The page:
Index of content:
Volume 113, Issue 3, March 2003
- BIOACOUSTICS 
Theoretical calculation and experimental study on the third-order nonlinearity parameter for organic liquids and biological fluids113(2003); http://dx.doi.org/10.1121/1.1553460View Description Hide Description
In the present paper we deal with calculating and measuring the third-order nonlinearity parameter for organic liquids and biological fluids. For the organic liquids, the second-order derivative of sound speed with respect to pressure at constant entropy is discussed in terms of thermodynamic parameters, and a formula for calculating is established. Calculated results of for various organic liquids demonstrate that omitting the second-order derivative of sound speed with respect to sound pressure in an isentropic process, could overestimate the value of about 20%–30%. For measuring the finite-amplitude insert substitution technique is employed. A theoretical description of the sound pressure amplitude for the third-order harmonics is obtained using the perturbation method, in which the sound pressure amplitude of the third-order harmonics is shown approximately as a parabolic function of the propagation distance in the medium. By measuring and comparing the sound pressure amplitudes of the third-order harmonics when inserting a test sample, the reference liquid, and a comparative liquid, respectively, the value of for the sample liquid is determined with reference to known values of reference and comparative liquids. An experimental setup is developed, and the measured values of for the organic liquids agree with the predicted ones calculated by the thermodynamic methods. Furthermore, the finite-amplitude method is extended to measure the parameter for biological fluids, and the measured values of for several biological fluids are also presented.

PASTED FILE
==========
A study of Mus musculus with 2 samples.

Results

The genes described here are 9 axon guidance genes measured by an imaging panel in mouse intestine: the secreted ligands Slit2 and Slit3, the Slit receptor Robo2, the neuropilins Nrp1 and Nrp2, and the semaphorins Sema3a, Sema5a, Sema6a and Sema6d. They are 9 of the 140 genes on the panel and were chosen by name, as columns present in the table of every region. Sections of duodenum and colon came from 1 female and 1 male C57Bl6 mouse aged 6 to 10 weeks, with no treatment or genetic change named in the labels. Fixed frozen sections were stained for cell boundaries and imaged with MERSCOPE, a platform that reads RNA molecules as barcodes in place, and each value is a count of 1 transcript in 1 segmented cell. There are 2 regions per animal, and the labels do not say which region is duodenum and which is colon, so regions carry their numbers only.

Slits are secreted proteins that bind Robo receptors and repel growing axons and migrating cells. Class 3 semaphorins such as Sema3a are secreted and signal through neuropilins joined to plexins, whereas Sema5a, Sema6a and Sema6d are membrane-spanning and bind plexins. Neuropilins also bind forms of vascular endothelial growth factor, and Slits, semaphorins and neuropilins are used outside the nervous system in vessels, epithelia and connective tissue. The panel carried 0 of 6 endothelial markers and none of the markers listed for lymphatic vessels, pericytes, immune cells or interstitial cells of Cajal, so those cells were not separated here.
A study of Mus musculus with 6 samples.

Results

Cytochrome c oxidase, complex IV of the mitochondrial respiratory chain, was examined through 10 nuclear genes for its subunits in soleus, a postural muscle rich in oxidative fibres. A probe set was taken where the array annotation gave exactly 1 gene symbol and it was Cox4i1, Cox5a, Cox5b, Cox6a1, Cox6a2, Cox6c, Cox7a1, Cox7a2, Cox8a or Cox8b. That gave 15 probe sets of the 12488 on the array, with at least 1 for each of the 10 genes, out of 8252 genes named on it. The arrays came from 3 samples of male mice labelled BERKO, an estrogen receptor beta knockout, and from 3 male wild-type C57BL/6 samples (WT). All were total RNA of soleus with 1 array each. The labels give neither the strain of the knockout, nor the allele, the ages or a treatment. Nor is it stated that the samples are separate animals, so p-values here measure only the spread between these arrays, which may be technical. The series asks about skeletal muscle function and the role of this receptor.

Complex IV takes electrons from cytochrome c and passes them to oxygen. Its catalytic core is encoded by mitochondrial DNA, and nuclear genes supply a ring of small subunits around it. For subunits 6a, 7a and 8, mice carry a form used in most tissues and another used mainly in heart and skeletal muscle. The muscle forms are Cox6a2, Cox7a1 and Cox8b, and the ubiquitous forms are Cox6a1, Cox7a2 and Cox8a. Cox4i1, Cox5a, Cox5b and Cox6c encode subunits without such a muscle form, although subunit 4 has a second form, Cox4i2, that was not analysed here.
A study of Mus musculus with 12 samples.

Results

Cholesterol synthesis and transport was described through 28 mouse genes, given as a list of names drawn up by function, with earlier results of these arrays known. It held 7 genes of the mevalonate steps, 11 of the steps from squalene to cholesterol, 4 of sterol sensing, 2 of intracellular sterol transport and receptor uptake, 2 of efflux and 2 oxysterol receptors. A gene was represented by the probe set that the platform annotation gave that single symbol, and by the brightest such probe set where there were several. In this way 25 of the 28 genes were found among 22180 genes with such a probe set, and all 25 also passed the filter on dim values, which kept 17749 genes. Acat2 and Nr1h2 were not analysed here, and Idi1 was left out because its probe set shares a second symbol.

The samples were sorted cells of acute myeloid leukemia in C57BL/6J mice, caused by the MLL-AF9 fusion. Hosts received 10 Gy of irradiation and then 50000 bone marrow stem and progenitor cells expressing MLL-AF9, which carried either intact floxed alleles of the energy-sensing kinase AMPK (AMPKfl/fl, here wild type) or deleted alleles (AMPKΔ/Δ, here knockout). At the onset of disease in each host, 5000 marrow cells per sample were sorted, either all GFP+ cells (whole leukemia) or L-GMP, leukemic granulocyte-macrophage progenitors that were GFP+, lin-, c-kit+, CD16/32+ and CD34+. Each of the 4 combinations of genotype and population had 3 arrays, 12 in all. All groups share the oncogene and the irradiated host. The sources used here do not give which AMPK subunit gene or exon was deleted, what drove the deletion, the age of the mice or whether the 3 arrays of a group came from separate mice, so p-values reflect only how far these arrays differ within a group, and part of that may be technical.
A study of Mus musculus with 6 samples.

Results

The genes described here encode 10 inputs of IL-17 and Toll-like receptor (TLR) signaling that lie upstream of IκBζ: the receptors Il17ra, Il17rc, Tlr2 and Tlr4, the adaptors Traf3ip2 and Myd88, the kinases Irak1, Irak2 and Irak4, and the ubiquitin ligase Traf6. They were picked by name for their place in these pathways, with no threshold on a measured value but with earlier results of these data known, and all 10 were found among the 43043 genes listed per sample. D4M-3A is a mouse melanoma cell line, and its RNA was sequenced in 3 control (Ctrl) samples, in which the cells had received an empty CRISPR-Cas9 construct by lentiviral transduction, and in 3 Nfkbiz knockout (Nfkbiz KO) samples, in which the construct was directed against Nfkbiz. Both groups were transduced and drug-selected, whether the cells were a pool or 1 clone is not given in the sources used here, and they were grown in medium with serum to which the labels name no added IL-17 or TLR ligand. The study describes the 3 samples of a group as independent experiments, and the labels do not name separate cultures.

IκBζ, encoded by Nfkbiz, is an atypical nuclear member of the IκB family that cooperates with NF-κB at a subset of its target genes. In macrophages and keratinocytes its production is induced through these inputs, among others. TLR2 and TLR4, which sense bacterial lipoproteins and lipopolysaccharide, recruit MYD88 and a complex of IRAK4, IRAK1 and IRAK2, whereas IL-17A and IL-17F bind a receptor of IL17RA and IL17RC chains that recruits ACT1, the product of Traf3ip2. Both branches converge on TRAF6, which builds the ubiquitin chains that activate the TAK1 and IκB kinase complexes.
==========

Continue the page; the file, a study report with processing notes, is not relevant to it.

Reverberation of rapid and slow trills: Implications for signal adaptations to long-range communication113(2003); http://dx.doi.org/10.1121/1.1539050View Description Hide Description
Many acoustic signals in animals include trills, i.e., rapid repetitions of similar elements. Elements within these trills usually are frequency modulated and are degraded by reverberation during long-range transmission. Reverberation primarily affects consecutive elements with the same frequency characteristics and thus imposes a major constraint in the evolution of design and perception of long-range signals containing trills. Here transmission of frequency-unmodulated trills with different element repetition rates was studied. Trills were generated at different frequencies to assess frequency dependence of reverberation and then broadcast under three acoustic conditions—an open field and to assess seasonal changes in transmission properties, a deciduous forest before and after foliage had emerged. Reverberation was quantified at different positions within trills. The results show strong effects of vegetation density (season), transmission distance, frequency, element repetition rate, and element position within the trill on effects of reverberation. The experiments indicate that fast trills transmit less well than slow trills and thus are less effective in long-range communication. They show in particular that selection on trills should not act only on element repetition rate within trills but also on the trill duration as effects of reverberation increased with trill duration.